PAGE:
Learning kitchen coooks

MANCHESTER - The Community Food Cupboard, in collaboration with Hunger Free Vermont, Head Start, and the Manchester Elementary Middle School, is hoping to teach better food preparation to area residents for maximum nutritional value and to counter obesity.

Known as The Learning Kitchen, the program has just finished up its fourth week, with 11 participants learning the values of cooking healthy food while on a budget at the MEMS kitchen. The program, first started by Hunger Free Vermont, is a six-week series of lectures and cooking demonstrations designed to introduce healthy, nutritious foods.

Every meal is made from scratch. The participants chop, mix and combine ingredients with direction from the chef, Mary Keyes, who is also the manager of the cafeteria at MEMS.

According to Susan Pierce, the coordinator of the Head Start services in the Northshire, at the end of the evening, all participants and their children taste the food and they are given bags of the food items to prepare in their own kitchen. Childcare offered to the participants, many of whom have young children. MEMS middle school students who have taken a babysitting course that are helping in the Early Education classroom.

"The Director of the Community Food Cupboard, Emmy McCucker, initiated this grant of $1,400," Pierce said. "As a member of the board as well as the coordinator of the Head Start services in the Northshire, I have been administering the grant with the CFC Manager, Martha Carey. The application was accepted in December and it is a coordinated effort between CFC, MEMS, and Head Start,"

The nutritional discussion is led by Deedee Anglum, a social worker with a degree in nutrition. She leads discussions on topics such as My Food Plate, nutritional value of food, combining exercise and diet for a healthy lifestyle, and other topics related to nutrition.

"Mary is the chef, she does the kitchen stuff and then I help educate the group about the food choices that they are making, how to make a healthy meal on a limited budget, that is basically what we are doing here," Anglum said. "We are also teaching the participants how to make some behavioral changes too like how to read a food label, how to not stray away from the shopping list; things like that."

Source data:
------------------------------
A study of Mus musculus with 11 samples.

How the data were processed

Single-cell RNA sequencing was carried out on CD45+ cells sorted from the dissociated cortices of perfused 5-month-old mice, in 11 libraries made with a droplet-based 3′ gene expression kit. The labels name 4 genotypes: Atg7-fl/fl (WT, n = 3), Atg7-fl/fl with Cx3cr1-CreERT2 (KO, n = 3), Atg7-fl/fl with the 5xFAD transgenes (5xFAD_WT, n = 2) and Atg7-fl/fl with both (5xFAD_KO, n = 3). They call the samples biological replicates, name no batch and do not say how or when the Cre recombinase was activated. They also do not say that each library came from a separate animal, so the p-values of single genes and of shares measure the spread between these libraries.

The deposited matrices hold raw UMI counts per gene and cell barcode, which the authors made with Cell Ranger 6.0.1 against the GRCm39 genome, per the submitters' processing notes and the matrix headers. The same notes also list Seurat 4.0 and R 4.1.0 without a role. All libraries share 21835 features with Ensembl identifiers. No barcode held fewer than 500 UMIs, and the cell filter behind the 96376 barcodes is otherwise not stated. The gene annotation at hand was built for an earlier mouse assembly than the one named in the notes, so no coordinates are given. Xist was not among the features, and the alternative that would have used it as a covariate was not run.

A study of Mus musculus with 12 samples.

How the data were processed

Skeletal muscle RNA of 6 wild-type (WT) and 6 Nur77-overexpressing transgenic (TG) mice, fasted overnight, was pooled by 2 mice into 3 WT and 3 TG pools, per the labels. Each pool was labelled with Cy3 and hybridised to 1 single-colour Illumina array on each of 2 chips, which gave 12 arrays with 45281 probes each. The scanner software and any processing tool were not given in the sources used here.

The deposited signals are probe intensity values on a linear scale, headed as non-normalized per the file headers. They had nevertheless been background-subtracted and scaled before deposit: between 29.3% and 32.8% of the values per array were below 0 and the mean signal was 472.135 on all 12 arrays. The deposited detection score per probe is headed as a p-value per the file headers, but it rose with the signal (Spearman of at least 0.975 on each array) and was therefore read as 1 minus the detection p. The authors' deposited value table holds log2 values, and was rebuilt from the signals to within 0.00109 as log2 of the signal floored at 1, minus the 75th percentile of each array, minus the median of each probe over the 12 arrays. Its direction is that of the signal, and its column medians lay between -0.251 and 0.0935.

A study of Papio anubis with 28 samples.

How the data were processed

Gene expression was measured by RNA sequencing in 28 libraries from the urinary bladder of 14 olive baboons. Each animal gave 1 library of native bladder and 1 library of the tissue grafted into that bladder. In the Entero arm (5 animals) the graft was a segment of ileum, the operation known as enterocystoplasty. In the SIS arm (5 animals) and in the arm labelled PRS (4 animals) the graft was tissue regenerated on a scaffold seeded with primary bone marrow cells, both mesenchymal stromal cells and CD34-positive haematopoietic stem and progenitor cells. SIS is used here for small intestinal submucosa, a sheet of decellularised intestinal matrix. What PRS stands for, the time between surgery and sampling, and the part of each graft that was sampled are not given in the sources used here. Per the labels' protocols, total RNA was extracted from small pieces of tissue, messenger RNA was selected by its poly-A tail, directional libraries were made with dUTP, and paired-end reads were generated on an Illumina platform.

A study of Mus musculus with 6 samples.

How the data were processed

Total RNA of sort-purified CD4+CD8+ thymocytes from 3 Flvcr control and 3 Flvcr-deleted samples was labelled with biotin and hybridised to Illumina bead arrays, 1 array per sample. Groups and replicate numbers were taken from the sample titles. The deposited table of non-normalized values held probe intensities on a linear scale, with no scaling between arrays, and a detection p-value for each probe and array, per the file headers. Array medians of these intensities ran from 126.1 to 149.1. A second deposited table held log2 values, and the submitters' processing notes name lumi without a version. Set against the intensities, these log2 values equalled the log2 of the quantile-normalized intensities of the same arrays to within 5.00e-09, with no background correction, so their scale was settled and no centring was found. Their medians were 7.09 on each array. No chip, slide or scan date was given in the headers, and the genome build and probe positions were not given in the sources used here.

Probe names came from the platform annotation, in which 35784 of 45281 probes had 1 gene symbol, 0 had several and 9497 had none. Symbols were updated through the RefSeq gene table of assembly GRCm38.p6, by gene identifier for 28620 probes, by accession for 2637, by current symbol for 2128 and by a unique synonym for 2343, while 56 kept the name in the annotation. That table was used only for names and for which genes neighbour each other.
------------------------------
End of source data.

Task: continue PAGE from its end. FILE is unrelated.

After they are finished cooking their meals, Anglum, who has a strong background in hosting community nutritional events, will talk about how to change the nutritional aspect of people's lives. The participants are then able to eat the food they have cooked.

"There was an orientation from the Learning Kitchen coordinator at the state level, Laura Fillbach. Manuals are provided to each participant and there are recipes for each week. There is a pre and post test to determine change in eating habits and knowledge," Pierce said. "So far, we have been very pleased with the delicious meals and the enthusiasm of the participants."

The Manchester Community Food Cupboard provides nutritious food to people in need in the Northshire area. Located at the Manchester Center Town Office Building, food is distributed each Tuesday from 10 a.m. until noon and 2 p.m. until 4 p.m., and Wednesday from 2 p.m. until 4 p.m.

Hunger Free Vermont, formerly known as the Vermont Campaign to End Childhood Hunger, is an education and advocacy organization with the mission to end the injustice of hunger and malnutrition for all Vermonters. Incorporated in 1993, they are a statewide, nonprofit organization dedicated to providing nutrition education and expanding access to nutrition programs that nourish Vermont's children, families, and communities.